It is an interesting time for the so-called “FANG” stocks.
After years of skirting around the issue, Amazon is finally collecting sales tax, the demand for Apple’s iPhone 8 is suspect, and the stock we will be reviewing today, Facebook Inc. (NASDAQ: FB), recently announced plans to add a layer of editorial control over its advertising platform.
Facebook recently admitted that Russian agents purchased political ads on its platform during the 2016 US presidential election, part of a broader campaign to influence the American vote. It has since become clear that Facebook’s touch-and-go, low oversight, and highly profitable advertising business model may be subject to new and potentially expensive regulation that will force the company to screen its advertisers more carefully.
Wall Street showed its displeasure at these developments on the 25th of September, when Facebook Inc. shares tumbled over 4.5 percent in a single trading session.
Are these recent developments the first cracks in a social media Titanic? Or is the recent dip essentially a sale: 4.5 percent off a great stock, get it while it’s cheap!?
Let’s take a closer look.
About Facebook, Inc.
Since its landmark 2012 IPO, Facebook, after briefly floundering, has steadily and often aggressively become larger and more valuable, going from a market cap of 45 billion to 500 billion.
Facebook is by far the most successful advertiser on social media space. Moreover, the company has made several solid strategic acquisitions, including Instagram, WhatsApp, and several others.
Facebook cofounder Mark Zuckerberg, beneath the nerdy exterior, is apparently a real bruiser in the business world. He has cultivated a reputation for himself in Silicon Valley as an intensely focused and competitive CEO.
Snapchat (NYSE:SNAP), which issued its IPO earlier this year, has attempted to siphon off the younger crowd, but has had trouble doing so profitably. Snapchat stock has receded by over 20 percent since its IPO. It doesn’t help matters that Instagram has been imitating much of Snap’s signature ghost-post functionality.
Twitter and LinkedIn are the only two social media platforms that come close (sort of) to rivaling the success of Facebook’s advertising platform.
Current Price / Trend
At the close of trading on the last Monday of September, Facebook was selling for about $163. Most analysts saw the price decline as a correction rather than a sell off. The stock was still up 33% from January of 2017 (Alphabet, Inc [Google]), and, as of September, was up 18% for the year. It is also hard to overlook and be unexcited about the fact that Facebook has returned well over 600 percent back to investors since its 2012 IPO.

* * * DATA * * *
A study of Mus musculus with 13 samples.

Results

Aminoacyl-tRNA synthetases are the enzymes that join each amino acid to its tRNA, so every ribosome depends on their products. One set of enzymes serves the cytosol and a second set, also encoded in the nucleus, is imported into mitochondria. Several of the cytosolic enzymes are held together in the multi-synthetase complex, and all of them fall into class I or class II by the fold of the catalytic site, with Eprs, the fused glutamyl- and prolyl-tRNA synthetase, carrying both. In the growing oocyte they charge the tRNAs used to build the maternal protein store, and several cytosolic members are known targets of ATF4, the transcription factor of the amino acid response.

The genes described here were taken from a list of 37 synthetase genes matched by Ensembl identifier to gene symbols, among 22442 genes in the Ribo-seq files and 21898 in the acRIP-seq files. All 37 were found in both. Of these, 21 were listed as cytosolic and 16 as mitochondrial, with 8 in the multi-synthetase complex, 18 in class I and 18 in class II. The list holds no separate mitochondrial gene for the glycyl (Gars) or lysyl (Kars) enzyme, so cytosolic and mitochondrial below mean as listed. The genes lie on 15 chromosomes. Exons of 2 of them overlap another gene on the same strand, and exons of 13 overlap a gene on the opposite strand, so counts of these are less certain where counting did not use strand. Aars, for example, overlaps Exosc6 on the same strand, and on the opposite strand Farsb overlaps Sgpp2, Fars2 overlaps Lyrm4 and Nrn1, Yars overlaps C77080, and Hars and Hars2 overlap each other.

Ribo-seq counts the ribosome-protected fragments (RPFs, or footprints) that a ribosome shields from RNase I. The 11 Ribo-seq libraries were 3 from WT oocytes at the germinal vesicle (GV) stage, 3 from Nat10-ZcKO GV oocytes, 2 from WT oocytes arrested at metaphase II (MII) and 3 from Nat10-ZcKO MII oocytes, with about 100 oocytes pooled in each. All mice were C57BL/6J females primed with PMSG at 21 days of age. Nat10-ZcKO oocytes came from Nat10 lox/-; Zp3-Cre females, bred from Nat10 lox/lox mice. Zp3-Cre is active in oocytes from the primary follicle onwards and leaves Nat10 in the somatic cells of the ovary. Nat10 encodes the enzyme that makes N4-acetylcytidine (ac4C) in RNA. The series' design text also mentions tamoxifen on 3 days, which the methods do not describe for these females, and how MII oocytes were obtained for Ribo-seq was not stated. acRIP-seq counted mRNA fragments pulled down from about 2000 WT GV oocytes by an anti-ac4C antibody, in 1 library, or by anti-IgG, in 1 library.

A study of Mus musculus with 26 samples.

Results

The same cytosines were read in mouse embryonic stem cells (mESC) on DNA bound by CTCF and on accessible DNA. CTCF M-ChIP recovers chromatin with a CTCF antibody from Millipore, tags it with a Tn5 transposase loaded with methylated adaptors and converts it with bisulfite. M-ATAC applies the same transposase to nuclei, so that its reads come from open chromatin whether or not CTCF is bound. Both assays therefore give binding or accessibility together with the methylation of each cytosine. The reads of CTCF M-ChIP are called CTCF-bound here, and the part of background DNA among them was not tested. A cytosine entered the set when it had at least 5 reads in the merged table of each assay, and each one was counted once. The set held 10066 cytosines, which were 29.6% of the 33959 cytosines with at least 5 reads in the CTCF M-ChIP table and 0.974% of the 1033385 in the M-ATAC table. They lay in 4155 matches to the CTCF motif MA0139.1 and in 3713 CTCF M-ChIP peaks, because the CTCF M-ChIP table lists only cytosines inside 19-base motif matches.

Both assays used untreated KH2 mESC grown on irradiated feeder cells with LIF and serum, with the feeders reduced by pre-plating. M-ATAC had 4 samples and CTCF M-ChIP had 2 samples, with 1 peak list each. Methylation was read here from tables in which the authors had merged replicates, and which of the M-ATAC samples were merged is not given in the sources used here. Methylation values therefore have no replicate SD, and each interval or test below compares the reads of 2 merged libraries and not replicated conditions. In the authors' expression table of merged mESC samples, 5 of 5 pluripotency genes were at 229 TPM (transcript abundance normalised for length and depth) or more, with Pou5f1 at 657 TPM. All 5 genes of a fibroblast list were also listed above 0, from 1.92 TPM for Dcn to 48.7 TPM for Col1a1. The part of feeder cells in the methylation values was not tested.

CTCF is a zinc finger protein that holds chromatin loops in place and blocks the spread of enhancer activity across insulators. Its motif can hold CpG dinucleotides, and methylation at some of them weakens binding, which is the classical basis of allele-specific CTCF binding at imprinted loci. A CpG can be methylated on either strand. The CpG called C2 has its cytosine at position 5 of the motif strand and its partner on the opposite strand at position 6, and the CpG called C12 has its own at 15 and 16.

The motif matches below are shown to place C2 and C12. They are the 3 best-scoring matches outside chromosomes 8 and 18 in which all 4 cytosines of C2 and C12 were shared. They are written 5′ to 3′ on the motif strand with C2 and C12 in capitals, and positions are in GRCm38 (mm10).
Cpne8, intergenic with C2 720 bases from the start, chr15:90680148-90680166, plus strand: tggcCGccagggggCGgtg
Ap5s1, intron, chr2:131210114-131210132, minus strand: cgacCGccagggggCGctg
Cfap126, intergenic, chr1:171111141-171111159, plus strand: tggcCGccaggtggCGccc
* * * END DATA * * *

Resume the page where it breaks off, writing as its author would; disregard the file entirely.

Facebook Inc. is a darling among analysts. MarketGrader scores Facebook Inc. Class A shares in the 99th percentile among the 5,824 North American equities that it tracks. MarketGrader, along with the vast majority of analysts, still gives Facebook Inc. a “strong buy” rating.
A minority of analysts give it a “moderate buy” or “hold.” I cannot find any analysts at the moment who are rating it “strong sale” or even “moderate sale.”
The true Warren Buffett-style contrarian may find a selling opportunity here. Particularly in the short term, with the FANG stocks and the NASDAQ as a whole feeling a bit overvalued, perhaps now is not the right time to go big with a Facebook play.
Google has been a laggard over the last several months, and I can’t help but think that Facebook is headed for some similar short-term brooding. And with general market uncertainties abounding—the beating of the North Korean war drum, add in Zuckerberg’s failed stock restructuring initiative and posturing for a 2020 presidential run—all the general optimism and rave-review fundamental analyses that surround this stock may not presage another big rally anytime soon.
I would invest in Facebook, but only as a solid long-term play.
Make it a part of what Warren Buffett and James Altucher would refer to as your “forever portfolio.” The recent political spotlight and the way Zuckerberg has handled it make me think that Facebook has become not just a national business phenomenon, but an important business citizen as well.
That’s a good thing for the long term.
Facebook will likely be a part of our lives, our news, our politics, and our purchasing for the next several generations.
In short, put your money elsewhere if you are looking to catch the next big wave of returns. But I’m not so contrarian that I would contradict the wisdom of the many and tell you that this stock is a bad long-term pick. It’s not. Put it in your IRA and check back in a few years.
DISCLOSURE: The author owns stock in Facebook Inc.